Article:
Nelson man abused position on Children in Need Committee: court case
a NELSON man has admitted dishonestly abusing his position as a committee member of the Children in Need Regional Committee for the North of England.
Mohammed Sarfraz (49), of Hartley Street, pleaded guilty at Burnley Crown Court to fraud between September, 2008 and July, 2010. He had no previous convictions.
His barrister Mark Stuart said he had worked for the local authority for the last 20 years and was involved with many local organisations, primarily assisting children in North East Lancs.
Sarfraz had now lost his employment, his good character and his standing within the community The offence had brought a great deal of shame upon him. Mr Stuart said: “He has already found himself ostracised by many of those with whom he had previously worked or spent time.”
The defendant received eight months in jail, suspended for 18 months, with 200 hours unpaid work. He must pay £4,261 compensation within six months and was disqualified from being a director for five years.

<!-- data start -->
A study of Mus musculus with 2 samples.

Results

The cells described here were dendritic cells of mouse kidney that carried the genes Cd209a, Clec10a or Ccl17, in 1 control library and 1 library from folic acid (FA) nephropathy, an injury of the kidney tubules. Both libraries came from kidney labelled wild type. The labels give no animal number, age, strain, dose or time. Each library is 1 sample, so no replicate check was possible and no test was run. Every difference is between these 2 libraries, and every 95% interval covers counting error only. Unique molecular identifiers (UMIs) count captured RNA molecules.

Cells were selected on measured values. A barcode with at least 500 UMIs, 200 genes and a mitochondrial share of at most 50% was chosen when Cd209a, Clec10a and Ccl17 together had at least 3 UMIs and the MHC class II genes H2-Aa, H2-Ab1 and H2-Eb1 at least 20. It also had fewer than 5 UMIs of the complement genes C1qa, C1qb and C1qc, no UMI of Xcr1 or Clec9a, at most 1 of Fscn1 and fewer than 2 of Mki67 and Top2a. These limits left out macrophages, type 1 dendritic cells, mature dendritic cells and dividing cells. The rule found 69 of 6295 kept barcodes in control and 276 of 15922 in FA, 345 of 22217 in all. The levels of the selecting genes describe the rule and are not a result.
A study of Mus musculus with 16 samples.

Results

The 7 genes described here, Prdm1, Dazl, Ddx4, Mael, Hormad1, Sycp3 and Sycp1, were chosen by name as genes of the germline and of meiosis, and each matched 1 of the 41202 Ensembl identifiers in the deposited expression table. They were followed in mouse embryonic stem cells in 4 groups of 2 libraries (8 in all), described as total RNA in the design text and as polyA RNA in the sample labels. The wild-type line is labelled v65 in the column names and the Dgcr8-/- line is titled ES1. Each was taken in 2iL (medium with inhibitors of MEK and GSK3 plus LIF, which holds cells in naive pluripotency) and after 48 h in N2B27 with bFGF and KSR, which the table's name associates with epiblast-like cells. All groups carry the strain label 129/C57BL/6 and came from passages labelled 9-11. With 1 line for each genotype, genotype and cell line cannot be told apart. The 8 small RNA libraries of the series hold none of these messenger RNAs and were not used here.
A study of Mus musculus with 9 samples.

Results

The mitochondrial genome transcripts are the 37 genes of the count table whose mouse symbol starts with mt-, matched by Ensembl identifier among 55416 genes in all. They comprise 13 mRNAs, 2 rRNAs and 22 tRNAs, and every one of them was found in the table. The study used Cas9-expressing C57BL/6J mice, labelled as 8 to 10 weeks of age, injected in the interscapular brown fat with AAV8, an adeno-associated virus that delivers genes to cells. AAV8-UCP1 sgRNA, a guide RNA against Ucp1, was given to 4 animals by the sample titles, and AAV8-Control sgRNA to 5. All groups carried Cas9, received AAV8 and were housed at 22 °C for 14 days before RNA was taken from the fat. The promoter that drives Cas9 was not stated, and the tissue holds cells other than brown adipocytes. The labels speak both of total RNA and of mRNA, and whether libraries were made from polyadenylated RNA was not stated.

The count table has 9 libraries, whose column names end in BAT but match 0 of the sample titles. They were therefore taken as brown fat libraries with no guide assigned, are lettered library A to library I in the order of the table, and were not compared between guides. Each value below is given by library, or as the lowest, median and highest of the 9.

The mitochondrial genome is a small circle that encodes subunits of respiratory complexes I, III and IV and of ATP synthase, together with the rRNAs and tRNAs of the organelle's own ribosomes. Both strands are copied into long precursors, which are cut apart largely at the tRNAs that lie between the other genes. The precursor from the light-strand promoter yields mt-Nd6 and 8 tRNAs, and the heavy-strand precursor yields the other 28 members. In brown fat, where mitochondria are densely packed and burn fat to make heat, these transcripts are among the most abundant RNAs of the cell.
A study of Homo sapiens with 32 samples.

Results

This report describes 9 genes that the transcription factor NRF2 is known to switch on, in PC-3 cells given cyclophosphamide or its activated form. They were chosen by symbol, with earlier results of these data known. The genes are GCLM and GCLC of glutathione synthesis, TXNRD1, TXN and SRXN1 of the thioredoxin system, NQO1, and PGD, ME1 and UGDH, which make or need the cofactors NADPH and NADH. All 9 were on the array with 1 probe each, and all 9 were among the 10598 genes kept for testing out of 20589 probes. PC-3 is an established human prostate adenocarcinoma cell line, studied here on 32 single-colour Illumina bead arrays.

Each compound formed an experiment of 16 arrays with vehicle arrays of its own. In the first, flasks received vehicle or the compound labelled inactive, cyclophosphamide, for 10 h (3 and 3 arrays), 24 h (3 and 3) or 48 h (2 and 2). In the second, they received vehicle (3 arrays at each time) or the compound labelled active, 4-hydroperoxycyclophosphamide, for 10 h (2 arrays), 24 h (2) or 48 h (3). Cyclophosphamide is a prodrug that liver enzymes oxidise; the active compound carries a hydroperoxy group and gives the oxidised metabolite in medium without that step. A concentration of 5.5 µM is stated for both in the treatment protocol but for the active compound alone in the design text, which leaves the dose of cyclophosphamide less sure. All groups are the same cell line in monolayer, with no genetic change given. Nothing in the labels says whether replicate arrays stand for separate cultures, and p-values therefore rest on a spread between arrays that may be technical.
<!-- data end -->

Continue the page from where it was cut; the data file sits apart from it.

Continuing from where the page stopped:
Sentencing, Judge Jonathan Gibson said Sarfraz dishonestly sought to gain, by failing to declare the relevant interests, a commercial advantage for himself and his company. The judge said: “You were a trusted member on the committee and you betrayed that trust by failing to disclose the conflict of interests.”
Detective Inspector Dave Groombridge of Lancashire Constabulary said: “Sarfraz abused his position of trust as a volunteer member of the board. His conviction follows a protracted investigation involving the full co-operation of the BBC Children in Need charity.
“If the integrity of charity donations and the reliance upon public giving is to be maintained, there can be no room for those who seek to manipulate the generosity of others for their own gain.
“While no children’s charities were disadvantaged as a result of Mr Sarfraz’s crime, his sentence reflects the seriousness of the charge and the public revulsion at the efforts to deceive a great British institution.
“Fortunately, there are some extremely robust and efficient systems in place at Children in Need which ensure issues such as this are highlighted and brought to the attention of the police.”